It was National Science Week last week and as it is with nearly every discussion on every front, artificial intelligence (AI) was in the spotlight.
With automation and AI revolutionising the world, this year’s program examines innovation and technological advancements across all fields. We asked four
To try and flesh out some of the ways AI will transform key industries, we asked for four tech leaders and founders to share their insights. Here’s what they said
Responsible and ethical investment
Estelle Parker, Executive Manager, Responsible Investment Association Australasia (RIAA)
Investors are increasingly attuned to the challenges posed by big tech, especially artificial intelligence. The implications, both positive and negative, of digital technology and especially AI are anticipated to be more significant than the internet itself.
If we don’t appropriately manage its growth, the impact on human rights could be major and the nexus between AI and human rights is a key focus of RIAA’s Human Rights Working Group. These issues include privacy and data protection, freedom of expression and opinion, conflict and security, discrimination, political participation, child rights and the impact on livelihoods.
We’re working with the eSafety Commissioner and University of Technology Sydney’s Human Technology Institute on an investor toolkit, which will provide investors with practical advice on how to navigate digital tech and human rights.
While new tech and AI will provide opportunities, like enhanced screening, analysis, and risk assessment, as well as assistance with companies’ alignment with ESG factors, there remain significant challenges.
We need better governance frameworks for new tech and AI to give confidence to investors about the ethical impacts of its application. Human oversight will remain vital to ensure AI decisions align with investor values and to avoid any potential ethical dilemmas.
Online payments and fintech
Caitlin Zotti, co-CEO, Pin Payments
AI’s integration is already redefining job roles and workflows in online payments and fintech, and while there’s some fear associated with this, it also presents an opportunity for greater innovation and creativity.
While certain tasks may be automated, new opportunities will arise in AI development, maintenance, and oversight. Businesses will need AI-related skills, prompting upskilling and reskilling efforts for employees.
From an industry standpoint, automated fraud detection systems powered by AI will enhance security, reducing scams and the risk of financial losses for businesses. Likewise, new tech will enhance customer engagement and streamline support processes, user experience and trust. Fintechs will have the opportunity to provide highly personalised service to their customers, by better understanding user behaviours and preferences.
Despite this, data privacy and tech biases remain an area of concern.
As tech continues to advance, ethical considerations must be balanced alongside innovation and advancement.
Greater investment is needed in STEM and tech roles now, to create roles for future industries and ensure there are no skills gaps. SMEs will also need education on the changing digital landscape, to ensure no business is left behind in this transition.
Technology and future transport
Thomas Fu, founder and executive director, Motor Culture Australia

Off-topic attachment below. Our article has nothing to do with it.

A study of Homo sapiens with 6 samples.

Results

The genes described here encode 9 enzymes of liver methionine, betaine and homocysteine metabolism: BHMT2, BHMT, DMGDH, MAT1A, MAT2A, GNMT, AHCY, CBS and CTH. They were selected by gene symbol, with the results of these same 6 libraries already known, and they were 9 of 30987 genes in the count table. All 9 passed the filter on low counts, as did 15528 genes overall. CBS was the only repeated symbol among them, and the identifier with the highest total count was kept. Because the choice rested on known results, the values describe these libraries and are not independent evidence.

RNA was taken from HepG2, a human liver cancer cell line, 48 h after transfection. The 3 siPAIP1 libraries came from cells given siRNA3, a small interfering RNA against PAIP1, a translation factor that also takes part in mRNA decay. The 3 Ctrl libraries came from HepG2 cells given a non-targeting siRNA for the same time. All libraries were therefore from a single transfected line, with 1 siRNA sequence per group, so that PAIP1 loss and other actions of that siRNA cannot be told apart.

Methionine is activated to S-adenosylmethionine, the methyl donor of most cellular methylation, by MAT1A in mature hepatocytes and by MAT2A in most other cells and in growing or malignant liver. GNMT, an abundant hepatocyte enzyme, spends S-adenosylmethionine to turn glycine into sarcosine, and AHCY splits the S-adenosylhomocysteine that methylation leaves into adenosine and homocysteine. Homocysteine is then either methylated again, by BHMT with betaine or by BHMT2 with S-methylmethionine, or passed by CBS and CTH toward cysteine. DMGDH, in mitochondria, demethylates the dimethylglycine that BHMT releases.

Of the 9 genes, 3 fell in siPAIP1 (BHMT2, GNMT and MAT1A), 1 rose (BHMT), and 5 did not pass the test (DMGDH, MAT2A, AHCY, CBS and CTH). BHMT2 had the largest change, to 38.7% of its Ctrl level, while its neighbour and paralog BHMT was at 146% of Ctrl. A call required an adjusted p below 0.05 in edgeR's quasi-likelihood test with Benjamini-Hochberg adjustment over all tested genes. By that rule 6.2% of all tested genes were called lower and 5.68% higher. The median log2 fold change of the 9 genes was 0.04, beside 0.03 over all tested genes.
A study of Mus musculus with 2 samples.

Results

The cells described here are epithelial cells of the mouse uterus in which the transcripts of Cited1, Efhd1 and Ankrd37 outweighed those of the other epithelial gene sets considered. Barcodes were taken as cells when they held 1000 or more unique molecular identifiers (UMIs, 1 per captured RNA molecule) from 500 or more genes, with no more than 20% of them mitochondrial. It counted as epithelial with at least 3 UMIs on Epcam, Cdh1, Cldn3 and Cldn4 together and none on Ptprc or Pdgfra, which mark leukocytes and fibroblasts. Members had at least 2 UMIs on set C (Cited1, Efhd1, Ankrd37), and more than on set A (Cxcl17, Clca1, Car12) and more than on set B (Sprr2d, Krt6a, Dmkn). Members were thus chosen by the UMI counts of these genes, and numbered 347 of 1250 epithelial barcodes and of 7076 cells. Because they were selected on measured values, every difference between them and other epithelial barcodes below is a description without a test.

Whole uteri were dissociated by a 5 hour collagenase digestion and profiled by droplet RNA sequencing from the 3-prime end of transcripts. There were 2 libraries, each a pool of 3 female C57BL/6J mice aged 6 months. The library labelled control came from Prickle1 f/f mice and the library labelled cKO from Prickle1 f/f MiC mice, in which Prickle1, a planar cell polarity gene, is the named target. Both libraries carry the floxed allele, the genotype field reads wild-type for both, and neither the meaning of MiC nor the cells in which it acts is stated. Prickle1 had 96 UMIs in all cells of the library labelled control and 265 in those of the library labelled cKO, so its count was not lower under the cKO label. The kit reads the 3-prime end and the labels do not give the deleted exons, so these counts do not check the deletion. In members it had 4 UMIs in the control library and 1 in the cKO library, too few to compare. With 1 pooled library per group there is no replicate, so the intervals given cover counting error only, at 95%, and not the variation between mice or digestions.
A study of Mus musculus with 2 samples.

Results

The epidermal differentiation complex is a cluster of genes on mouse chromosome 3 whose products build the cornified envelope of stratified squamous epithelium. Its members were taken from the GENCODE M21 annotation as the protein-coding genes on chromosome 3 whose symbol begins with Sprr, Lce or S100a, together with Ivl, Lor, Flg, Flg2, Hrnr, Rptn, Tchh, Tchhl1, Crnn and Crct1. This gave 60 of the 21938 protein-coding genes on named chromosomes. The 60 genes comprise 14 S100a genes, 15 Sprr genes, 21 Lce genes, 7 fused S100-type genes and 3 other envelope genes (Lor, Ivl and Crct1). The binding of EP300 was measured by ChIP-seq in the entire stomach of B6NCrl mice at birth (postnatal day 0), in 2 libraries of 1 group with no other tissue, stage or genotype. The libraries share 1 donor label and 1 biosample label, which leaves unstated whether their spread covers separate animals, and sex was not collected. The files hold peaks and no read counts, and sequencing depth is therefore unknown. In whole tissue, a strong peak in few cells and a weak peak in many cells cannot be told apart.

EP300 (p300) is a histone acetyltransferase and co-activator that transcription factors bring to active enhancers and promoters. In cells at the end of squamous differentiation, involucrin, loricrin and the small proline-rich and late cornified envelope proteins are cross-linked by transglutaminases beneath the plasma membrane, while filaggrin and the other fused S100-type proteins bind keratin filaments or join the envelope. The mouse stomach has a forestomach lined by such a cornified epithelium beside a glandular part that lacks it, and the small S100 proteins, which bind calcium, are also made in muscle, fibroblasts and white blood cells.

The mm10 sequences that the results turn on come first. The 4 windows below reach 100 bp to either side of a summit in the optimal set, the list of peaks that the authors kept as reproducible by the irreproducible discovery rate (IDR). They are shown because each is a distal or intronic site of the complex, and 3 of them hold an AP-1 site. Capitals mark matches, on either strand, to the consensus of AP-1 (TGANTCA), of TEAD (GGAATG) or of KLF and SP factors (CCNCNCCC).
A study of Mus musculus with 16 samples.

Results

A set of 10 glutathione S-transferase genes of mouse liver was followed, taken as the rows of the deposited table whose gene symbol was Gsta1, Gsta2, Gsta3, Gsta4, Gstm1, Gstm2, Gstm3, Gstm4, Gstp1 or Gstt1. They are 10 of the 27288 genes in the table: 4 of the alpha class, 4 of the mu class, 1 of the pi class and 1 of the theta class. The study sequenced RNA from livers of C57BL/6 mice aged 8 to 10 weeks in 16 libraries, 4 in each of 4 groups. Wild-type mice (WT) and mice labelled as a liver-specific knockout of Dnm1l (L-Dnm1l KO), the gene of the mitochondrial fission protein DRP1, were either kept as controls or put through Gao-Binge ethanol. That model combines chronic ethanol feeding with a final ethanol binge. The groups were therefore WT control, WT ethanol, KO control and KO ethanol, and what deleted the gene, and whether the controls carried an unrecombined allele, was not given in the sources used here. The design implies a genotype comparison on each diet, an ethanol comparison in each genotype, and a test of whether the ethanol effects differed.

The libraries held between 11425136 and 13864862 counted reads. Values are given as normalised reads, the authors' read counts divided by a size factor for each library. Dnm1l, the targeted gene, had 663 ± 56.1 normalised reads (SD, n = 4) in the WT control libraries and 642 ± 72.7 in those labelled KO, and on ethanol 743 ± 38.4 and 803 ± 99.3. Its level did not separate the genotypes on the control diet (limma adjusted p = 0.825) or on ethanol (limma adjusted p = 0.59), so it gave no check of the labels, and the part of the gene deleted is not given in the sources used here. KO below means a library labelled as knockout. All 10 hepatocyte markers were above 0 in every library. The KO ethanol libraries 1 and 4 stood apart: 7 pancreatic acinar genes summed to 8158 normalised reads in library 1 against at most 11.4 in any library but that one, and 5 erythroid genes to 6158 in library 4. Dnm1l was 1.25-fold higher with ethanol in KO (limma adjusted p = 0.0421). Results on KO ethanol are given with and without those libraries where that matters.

New technology and AI are set to completely reshape the transport and motor car industries, altering the future of work. In the automotive sector, AI-driven advancements will revolutionise vehicle safety, efficiency, and autonomy.
Features like adaptive cruise control and self-parking mechanisms are just the beginning. AI-powered systems will enable enhanced predictive maintenance, improving vehicle reliability and reducing downtime.
Moreover, electric and autonomous vehicles will be enabled by AI algorithms that navigate, process data from sensors, and make split-second decisions.
From an industry standpoint, these changes will improve transport safety but will also require reskilling from traditional automotive roles to new opportunities in AI programming, data analysis, and cybersecurity.
While embracing automation and digitisation is vital, Australia has a strong interest in motor culture which is unlikely to disappear.
While automated transport may be the way of the future, it’s likely car enthusiasts will continue driving, even if only for leisure.
Engineering and urban planning
Julian Vivoli, founder, Vivoli Consulting Engineers
Engineering and urban planning is on the brink of transformation due to new tech and AI, reshaping the way projects are conceived, designed, and executed. Advanced tools like Building Information Modelling (BIM) powered by AI are revolutionising design, simulation, and project and asset management.
Likewise, AI-powered tools enable complex data sets to be analysed to optimise urban designs, enhancing sustainability, transportation systems, and infrastructure efficiency.
The future of work in engineering and urban planning requires a blend of both technical and creative skills, requiring collaboration between engineers, architects, and AI systems.
While routine tasks might be automated, the demand for skilled workers who can adapt AI to solve intricate urban and construction challenges will rise.
Preparing for this future involves a commitment to continuous learning, upskilling and embracing the symbiotic relationship between technology and human expertise.
However, innovations in tech and engineering may also enable us to approach complex issues like future planning, sustainability and climate change, in a more effective and transformative way.